Understanding "The Look" of the Readers' Workshop Allison Demas

Now that you understand the components of the Readers’ Workshop, I would like to focus on the mini-lesson portion. The possible topics generally fall into one or four categories: Routines, Word Attack Strategies, Phonics, and Comprehension.

Routines should be addressed at the beginning of the school year and then revisited when necessary. Examples of topics that fall under routines are ‘how to work together in a group,’ ‘how to have a Book Talk’ or ‘how to share materials.’ This area addresses management. Without management the most well prepared lessons in the world can go right out the window.

Word Attack mini-lessons would be conducted in a Shared Reading lesson (using enlarged text). Word Attack strategies include such skills as finding smaller words in larger words, sounding out the word, and determining the meaning of a vocabulary word from contextual clues. This category addresses very specific skills readers use to help themselves understand the text. The skills are broken down into simple steps and are demonstrated in an obvious manner. The student won’t have to guess at what you are doing. They are also demonstrated repeatedly. You don’t just teach a strategy once and assume that the children understood it. By the same token, once the students do understand the strategy and how to use it, you should move on. You can review it periodically, but you don’t keep teaching the same lesson.

To teach Phonics, you can use the enlarged text to focus on spelling patterns, blends and digraphs, and sound explorations. When you choose a book you are not choosing it solely for its phonetic content. Comprehension is the main reason you choose a text for a lesson. It may, however, also lend itself to phonics mini-lessons. For example, if you choose the poem “Seed, Sprout, Flower” by Helen H. Moore, (portion below) the text is addressing a science theme (seeds (S2b life cycles of organisms)). However, you can use the text to focus on consonants or to teach consonant blends (pl, spr, st, ) or to teach about the diphthong /ou/:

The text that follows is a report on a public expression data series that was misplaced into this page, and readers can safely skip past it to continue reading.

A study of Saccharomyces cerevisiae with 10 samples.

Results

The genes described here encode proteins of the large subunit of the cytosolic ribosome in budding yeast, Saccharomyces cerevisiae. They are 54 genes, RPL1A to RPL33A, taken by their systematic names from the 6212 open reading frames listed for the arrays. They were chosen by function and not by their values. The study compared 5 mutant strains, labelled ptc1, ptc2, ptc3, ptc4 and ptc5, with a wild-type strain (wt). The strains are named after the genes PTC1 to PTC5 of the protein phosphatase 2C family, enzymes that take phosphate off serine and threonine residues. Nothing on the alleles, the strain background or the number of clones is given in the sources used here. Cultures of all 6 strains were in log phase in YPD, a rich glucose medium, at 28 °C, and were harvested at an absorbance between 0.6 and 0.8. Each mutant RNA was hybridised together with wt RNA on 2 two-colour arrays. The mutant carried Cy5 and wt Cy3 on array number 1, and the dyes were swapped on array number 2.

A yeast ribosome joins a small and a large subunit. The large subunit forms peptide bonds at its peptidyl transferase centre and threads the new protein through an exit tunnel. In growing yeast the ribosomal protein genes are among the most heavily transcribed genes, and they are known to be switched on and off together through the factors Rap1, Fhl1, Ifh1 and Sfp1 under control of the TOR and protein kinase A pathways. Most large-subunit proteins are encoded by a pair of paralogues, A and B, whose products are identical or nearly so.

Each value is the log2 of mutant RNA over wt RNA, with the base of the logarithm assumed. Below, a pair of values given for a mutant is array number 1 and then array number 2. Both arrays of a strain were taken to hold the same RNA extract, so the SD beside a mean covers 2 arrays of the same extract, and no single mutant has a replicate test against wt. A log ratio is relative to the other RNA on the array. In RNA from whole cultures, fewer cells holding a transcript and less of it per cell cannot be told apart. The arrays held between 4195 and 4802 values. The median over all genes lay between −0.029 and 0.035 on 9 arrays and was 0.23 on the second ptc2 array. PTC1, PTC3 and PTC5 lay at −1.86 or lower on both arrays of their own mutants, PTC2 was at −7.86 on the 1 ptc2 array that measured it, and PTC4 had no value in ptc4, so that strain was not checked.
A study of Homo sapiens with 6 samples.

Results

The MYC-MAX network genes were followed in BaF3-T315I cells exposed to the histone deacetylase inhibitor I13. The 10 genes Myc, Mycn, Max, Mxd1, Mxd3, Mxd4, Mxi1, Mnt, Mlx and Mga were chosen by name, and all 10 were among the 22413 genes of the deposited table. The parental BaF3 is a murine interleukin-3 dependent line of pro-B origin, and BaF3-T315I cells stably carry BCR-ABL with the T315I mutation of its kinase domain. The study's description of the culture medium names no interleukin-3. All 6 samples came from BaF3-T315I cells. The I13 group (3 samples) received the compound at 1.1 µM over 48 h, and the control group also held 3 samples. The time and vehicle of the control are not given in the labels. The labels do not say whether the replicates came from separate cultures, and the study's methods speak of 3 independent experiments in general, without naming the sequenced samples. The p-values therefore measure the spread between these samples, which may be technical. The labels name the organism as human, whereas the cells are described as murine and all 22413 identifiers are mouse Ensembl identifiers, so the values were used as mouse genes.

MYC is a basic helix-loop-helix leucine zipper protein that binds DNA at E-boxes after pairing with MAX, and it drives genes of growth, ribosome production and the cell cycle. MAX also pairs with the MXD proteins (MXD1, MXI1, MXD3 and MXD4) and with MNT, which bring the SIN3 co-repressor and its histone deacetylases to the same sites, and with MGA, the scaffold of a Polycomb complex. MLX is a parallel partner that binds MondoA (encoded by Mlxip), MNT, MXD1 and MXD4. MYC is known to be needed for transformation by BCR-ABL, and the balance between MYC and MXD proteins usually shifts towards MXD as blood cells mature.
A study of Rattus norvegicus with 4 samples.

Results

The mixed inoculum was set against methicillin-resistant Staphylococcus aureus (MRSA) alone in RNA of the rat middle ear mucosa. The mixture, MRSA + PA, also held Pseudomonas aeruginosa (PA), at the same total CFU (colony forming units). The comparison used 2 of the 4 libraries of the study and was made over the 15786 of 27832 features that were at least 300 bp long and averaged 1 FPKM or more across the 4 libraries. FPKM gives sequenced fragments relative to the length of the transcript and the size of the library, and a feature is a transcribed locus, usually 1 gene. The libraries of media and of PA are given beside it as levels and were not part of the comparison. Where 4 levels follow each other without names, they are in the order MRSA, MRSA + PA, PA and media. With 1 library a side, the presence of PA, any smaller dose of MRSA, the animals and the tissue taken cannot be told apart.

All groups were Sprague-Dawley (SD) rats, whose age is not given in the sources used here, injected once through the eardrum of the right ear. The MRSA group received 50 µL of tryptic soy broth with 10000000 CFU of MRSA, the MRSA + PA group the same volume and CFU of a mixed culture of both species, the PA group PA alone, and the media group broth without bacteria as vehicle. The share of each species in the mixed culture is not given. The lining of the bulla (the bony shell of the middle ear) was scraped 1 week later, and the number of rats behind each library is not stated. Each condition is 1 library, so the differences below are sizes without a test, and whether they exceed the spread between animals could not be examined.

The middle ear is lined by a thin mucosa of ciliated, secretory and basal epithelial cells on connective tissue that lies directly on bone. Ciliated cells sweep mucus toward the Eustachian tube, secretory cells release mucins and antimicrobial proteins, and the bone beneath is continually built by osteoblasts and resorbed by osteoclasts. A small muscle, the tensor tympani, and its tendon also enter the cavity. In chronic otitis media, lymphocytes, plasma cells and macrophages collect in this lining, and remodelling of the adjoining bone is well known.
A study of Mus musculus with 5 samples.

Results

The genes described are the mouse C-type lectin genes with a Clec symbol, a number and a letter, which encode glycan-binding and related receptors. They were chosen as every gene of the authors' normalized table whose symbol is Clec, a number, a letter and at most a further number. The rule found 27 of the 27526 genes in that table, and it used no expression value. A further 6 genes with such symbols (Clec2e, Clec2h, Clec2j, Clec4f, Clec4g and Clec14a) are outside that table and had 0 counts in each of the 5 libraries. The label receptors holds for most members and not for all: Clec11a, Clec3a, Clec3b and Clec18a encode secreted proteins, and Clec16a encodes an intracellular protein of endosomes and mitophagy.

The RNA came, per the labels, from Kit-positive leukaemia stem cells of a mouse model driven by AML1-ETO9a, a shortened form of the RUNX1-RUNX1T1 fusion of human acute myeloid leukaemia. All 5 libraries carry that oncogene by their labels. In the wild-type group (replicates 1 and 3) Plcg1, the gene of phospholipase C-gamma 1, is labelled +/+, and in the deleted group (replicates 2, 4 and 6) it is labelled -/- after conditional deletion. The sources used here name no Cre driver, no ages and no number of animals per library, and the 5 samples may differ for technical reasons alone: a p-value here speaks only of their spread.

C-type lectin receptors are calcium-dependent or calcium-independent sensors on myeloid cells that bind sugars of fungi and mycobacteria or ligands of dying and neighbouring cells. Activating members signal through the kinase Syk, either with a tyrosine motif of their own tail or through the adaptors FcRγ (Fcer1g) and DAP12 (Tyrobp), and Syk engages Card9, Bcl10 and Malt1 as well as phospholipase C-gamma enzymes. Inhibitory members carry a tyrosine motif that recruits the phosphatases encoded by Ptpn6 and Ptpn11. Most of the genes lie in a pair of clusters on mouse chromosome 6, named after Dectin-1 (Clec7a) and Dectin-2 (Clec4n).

A seed is planted:
First a sprout,
then stem,
and leaves
and buds
come out.

Comprehension skills can be taught in a Shared Reading lesson, however I feel that the text may be too limiting. The skills addressed are very basic ones, such as prediction and sequencing. Initially, you can focus on these topics, however, you don’t want to limit the children to just these skills. I personally find that my best comprehension lessons come from Read Alouds.

(Click here for a printable, one page, bullet point chart of the above)

You can use a Read Aloud, such as The Talking Eggs by Robert San Souci, to study character traits. Read Alouds, simply by virtue of being more involved texts, lend themselves to more in-depth lessons and discussions. You can study cause and effect, main idea, or create a story map (setting, characters, problem and solution).

Mini-lessons are not generic, one-size-fits-all lessons. They should be specific to the needs of your students. You must know your students well and choose your texts carefully.